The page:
You may have heard your parents talking about balancing their checkbook, and rolled your eyes or LOL’d. We’ll admit, it sounds old school, but sometimes that’s a good thing! Even if you’re not logging all of your purchases in an old-fashioned checkbook, you should still track your spending through a Google Sheet or budgeting app; you’ll get a lot of value from it. Taking the time to balance your account helps you catch mistakes and save money in the long run. Here’s how to do it.
Step 1) Keep good records of your spending.
Keeping good records is relatively easy and can save a lot of headaches down the road. Save your receipts, whether they’re physical or electronic. When you’re entering them in a Google Sheet or budgeting app, make sure to include how much you spent, what date you spent it on, and who/what business you paid.
Step 2) Compare your records with your statement.
Review your receipts and transactions alongside your online credit union or bank account. Does anything look off? You may have forgotten to log one of your purchases in your budgeting app. Notice something that’s in your records but not listed on your online account? That doesn’t mean you didn’t spend that money. The transaction probably just hasn’t hit your account yet–sometimes there’s a lag. Leave it in your tracking, keep an eye on when it clears and update your records.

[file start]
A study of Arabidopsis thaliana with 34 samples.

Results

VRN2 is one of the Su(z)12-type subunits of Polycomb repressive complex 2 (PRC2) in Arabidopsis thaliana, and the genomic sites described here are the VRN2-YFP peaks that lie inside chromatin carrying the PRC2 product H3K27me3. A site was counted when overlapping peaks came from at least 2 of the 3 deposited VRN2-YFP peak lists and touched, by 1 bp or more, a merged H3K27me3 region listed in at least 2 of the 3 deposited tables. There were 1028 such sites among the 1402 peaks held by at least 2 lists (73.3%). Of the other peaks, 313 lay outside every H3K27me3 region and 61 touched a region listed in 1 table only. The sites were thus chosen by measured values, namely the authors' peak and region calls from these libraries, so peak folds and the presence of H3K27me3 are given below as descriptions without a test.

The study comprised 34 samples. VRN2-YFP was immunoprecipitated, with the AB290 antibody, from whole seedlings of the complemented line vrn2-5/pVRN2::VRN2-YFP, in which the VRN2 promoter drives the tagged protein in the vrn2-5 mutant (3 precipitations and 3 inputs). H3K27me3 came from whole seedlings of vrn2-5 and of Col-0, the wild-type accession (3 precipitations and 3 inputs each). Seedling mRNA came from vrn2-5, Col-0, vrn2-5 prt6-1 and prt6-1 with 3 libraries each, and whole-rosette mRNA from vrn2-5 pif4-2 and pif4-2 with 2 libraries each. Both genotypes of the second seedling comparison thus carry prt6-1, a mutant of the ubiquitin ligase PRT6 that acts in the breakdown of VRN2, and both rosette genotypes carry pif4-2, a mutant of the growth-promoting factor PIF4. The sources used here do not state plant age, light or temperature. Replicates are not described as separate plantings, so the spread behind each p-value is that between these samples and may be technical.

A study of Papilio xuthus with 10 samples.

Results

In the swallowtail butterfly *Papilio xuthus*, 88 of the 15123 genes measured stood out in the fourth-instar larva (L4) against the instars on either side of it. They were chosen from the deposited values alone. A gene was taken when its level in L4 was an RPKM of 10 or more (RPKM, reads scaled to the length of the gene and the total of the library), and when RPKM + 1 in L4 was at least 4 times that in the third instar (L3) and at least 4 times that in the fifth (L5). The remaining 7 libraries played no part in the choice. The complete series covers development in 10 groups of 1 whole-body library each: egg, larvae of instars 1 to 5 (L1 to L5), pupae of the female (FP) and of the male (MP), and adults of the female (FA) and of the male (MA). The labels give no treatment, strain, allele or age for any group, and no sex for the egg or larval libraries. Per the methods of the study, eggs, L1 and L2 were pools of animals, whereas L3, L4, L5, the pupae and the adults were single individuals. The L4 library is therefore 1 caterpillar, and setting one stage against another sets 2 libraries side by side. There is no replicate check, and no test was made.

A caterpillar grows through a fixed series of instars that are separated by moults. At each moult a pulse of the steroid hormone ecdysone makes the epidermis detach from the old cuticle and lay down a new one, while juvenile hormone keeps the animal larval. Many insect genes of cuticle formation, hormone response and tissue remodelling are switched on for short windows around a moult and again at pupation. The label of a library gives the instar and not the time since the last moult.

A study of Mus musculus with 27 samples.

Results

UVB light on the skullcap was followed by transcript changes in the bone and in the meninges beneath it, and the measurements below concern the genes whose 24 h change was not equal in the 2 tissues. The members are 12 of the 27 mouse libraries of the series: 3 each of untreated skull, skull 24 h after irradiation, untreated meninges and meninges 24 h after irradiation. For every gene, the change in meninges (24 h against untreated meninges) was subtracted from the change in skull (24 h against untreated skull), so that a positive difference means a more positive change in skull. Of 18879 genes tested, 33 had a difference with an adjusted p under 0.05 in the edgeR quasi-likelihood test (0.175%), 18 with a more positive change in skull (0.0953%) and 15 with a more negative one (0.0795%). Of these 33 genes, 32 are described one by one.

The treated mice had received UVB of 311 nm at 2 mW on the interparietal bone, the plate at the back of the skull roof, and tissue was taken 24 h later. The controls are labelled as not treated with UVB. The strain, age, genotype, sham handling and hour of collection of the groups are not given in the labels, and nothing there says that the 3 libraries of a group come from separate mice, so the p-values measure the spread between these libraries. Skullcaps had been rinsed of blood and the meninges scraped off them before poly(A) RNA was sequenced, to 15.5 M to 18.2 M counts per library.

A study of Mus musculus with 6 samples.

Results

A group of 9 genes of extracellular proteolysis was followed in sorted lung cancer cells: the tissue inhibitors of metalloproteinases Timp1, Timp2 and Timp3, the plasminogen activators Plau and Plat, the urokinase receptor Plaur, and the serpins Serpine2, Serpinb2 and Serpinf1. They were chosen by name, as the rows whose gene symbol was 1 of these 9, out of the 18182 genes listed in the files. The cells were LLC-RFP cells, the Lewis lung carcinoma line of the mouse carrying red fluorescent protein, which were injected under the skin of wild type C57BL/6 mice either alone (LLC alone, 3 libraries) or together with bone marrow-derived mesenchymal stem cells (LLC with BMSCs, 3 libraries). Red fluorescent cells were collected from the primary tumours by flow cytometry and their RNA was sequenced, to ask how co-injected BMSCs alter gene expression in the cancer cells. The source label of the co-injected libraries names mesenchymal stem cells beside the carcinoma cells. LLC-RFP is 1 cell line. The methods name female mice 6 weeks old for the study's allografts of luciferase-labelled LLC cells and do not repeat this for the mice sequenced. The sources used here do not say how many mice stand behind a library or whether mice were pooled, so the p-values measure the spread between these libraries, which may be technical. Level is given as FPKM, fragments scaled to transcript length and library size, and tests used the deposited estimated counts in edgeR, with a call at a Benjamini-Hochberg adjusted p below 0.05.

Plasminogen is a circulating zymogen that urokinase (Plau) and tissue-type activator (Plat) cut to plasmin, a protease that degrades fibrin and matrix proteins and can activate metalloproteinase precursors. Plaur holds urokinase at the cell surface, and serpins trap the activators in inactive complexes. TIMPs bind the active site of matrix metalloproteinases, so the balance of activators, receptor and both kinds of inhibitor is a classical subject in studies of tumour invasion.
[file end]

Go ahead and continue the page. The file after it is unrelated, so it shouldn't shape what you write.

Step 3) Do a little math.
Okay, we promise it’s not that bad, but you’ll need to do a little math now. From your online account, subtract any purchases that haven’t cleared, and add any deposits that haven’t arrived yet. This new amount you calculate should match the balance you have on your records. If it doesn’t, double-check your records for errors. If it still doesn’t add up, or if there is a transaction you don’t recognize, give your financial institution a call to figure out what’s up.
Again, it doesn’t matter if you take an old school pen-and-paper approach, use an app or an online spreadsheet. Try one of The Summit’s easy budget tracker templates to get started. All that matters is the fact that you’re doing it. It gets easier once this habit is built, but if you fall off the checkbook balancing train, don’t beat yourself up over it. Just carve out the time to get back into the habit again or set a reminder on your phone so you don’t forget. Your bank account will thank you.
Are you saying, “wait, I don’t even have a checking account yet”? We’ve got you covered there too.